A new column for The Windham Eagle features Elizabeth S. Giammarco, PhD, LCPC, NCC, who writes about mental illness and how to overcome its difficulties one step at a time.
Disclosure: This column is not intended to give medical or psychiatric advice. If you are experiencing any difficulties, please call your physician, or call 911, or go to your nearest emergency room. This column is for information and entertainment only.
I enjoy holidays. I look forward to them as if I were a wide-eyed child waiting with anticipation for that special day to arrive. One that I enjoy to this day and remember well is the Fourth of July. It was not only special as a national holiday; it was also my mother’s birthday. There was always a lot of family along with food and of course, fireworks. Sparklers, salutes, parades, watermelon, clam cakes and Nehi soda were part of the package then and still march through my mind each Fourth as if they were still here. And although some of it has dwindled such as the large family and Nehi soda, others still remain.
Last week as I was getting ready to admire with oohs and ahs the Fourth of July fireworks that one of my sons was about to fire off, I caught a glimpse of some small lights flickering in the darkness. I did not pay particular attention to them as my concentration was more on the pending festivities.
However, somewhere in the recesses of my mind a tug of familiarity began. Again, I saw the tiny dots blink on and off and with them came the realization of what I had been seeing. They were lightening bugs! I had not seen them in quite a few years. I don’t know why they had not been around but their appearance brought joy to my heart along with reminiscence of hot, steamy, Fourth’s of years gone by. To my amazement as well as to that of my family, I was as excited about those as I was about the fireworks. I felt that wonderment again as I did when I was a youngster.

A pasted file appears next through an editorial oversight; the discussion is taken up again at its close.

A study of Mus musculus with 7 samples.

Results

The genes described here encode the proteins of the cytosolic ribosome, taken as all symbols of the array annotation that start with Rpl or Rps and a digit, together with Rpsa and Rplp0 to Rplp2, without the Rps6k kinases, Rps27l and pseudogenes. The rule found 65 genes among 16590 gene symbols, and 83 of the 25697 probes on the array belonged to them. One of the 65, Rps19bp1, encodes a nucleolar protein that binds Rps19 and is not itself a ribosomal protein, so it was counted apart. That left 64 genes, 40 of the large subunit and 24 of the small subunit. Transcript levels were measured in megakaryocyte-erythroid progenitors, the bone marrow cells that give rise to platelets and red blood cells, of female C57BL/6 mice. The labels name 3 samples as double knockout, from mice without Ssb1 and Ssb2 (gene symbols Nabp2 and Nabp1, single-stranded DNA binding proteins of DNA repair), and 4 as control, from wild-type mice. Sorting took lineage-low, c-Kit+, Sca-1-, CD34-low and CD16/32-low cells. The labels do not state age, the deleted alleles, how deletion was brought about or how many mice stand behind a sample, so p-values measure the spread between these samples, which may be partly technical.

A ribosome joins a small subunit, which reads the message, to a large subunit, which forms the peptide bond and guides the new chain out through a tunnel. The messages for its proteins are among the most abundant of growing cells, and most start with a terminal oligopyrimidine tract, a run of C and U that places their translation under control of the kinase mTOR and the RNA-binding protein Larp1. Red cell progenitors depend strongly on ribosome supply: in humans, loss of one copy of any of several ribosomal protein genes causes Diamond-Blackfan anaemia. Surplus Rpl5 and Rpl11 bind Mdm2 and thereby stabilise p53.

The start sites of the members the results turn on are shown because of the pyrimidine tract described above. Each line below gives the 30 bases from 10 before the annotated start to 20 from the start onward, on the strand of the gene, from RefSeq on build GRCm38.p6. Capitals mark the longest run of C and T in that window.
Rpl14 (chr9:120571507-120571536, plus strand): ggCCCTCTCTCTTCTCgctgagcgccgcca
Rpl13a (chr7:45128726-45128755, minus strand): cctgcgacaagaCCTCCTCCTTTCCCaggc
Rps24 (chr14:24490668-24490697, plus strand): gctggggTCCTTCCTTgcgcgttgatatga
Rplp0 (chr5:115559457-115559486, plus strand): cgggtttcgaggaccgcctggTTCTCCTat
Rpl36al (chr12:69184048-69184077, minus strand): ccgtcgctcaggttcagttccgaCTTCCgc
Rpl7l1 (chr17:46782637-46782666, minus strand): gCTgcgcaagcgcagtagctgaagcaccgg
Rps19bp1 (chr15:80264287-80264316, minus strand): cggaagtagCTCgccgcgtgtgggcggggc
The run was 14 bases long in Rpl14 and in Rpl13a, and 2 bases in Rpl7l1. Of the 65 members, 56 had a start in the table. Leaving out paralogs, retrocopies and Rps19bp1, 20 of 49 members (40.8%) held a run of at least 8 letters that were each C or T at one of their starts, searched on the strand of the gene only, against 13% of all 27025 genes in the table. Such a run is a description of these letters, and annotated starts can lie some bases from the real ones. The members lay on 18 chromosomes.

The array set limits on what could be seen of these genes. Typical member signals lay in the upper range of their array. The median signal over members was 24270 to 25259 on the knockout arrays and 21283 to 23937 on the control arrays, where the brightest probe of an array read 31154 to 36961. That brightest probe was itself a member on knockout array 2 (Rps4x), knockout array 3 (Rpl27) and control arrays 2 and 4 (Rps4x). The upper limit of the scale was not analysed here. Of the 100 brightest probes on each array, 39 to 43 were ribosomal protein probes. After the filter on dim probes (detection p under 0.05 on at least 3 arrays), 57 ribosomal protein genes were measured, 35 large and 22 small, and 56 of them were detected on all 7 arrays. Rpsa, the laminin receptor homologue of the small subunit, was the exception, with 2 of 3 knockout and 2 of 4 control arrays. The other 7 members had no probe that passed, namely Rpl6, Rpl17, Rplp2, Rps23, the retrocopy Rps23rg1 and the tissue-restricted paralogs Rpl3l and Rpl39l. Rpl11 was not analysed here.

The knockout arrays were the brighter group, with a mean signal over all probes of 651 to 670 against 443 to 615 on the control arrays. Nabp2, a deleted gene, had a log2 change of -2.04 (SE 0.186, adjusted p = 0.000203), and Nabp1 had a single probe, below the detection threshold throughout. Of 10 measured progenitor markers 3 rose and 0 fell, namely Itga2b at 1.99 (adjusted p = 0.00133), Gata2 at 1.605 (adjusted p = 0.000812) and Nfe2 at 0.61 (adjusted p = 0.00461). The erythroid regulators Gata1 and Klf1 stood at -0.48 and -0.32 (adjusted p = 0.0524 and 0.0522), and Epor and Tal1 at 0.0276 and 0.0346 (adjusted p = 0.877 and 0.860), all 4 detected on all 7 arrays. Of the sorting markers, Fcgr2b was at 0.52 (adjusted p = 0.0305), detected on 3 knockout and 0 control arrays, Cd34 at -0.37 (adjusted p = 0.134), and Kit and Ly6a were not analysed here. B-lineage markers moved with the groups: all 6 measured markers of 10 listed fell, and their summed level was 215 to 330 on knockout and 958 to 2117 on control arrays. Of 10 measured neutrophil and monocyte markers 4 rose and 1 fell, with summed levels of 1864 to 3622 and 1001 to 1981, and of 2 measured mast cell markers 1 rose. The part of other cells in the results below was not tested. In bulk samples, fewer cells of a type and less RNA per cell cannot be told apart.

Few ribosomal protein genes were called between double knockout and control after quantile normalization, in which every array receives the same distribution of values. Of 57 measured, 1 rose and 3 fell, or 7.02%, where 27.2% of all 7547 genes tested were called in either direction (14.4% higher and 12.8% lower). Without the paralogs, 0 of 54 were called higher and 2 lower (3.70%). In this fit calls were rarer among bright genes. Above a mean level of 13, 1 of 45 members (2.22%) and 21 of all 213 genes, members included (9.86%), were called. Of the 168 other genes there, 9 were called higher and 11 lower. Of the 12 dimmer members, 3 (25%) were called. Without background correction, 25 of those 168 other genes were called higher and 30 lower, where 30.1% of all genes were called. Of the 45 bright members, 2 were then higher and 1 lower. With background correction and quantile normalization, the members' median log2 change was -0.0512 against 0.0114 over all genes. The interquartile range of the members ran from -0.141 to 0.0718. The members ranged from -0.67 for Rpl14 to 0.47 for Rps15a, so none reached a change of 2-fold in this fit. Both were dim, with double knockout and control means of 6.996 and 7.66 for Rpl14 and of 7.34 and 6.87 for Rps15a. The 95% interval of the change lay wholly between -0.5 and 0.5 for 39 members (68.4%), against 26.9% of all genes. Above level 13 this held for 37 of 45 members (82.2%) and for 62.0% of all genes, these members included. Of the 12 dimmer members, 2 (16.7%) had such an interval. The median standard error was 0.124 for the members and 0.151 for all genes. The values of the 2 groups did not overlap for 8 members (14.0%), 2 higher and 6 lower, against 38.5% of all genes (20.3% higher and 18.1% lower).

I thought about the memories of not only my childhood, but also my young adulthood when my children would catch the glowing insects and place them in a glass jar that was filled with green grass and that had holes in the top so that the creatures would be able to breathe. I thought – what a great way to celebrate a summer’s evening – I had man-made fireworks to behold, but I also had the beauty of nature’s glowing lights as well.
One of the issues with becoming an adult and taking on responsibilities is that we often neglect or forget the child within us that searches for the lightening bugs. Sometimes because we have misplaced that child, the lightness of heart that we need dims. However, it is not gone forever. In fact, it attempts to rekindle itself often. Each one of us has unique ways to address that part that desires for child-like glee.
As a therapist, I often have to deal with people who have had their internal lights, so to speak, dim. Sometimes it takes a gentle spark like the lightening bugs to switch them back on and sometimes it takes the burst of fireworks to it. Often, it is a combination of both. However, the good news is that the light is always there ready for a spark much like a perpetual pilot light.
During this summer season, find a way to have fun and to bring out the child in you who searches for the lightening bugs that await you. Capture them in your mind and heart. Let them shine through and they will help you find a way out of the dark.
Elizabeth S. Giammarco, PhD, LCPC, NCC is an adjunct professor at SMCC and a lecturer at USM.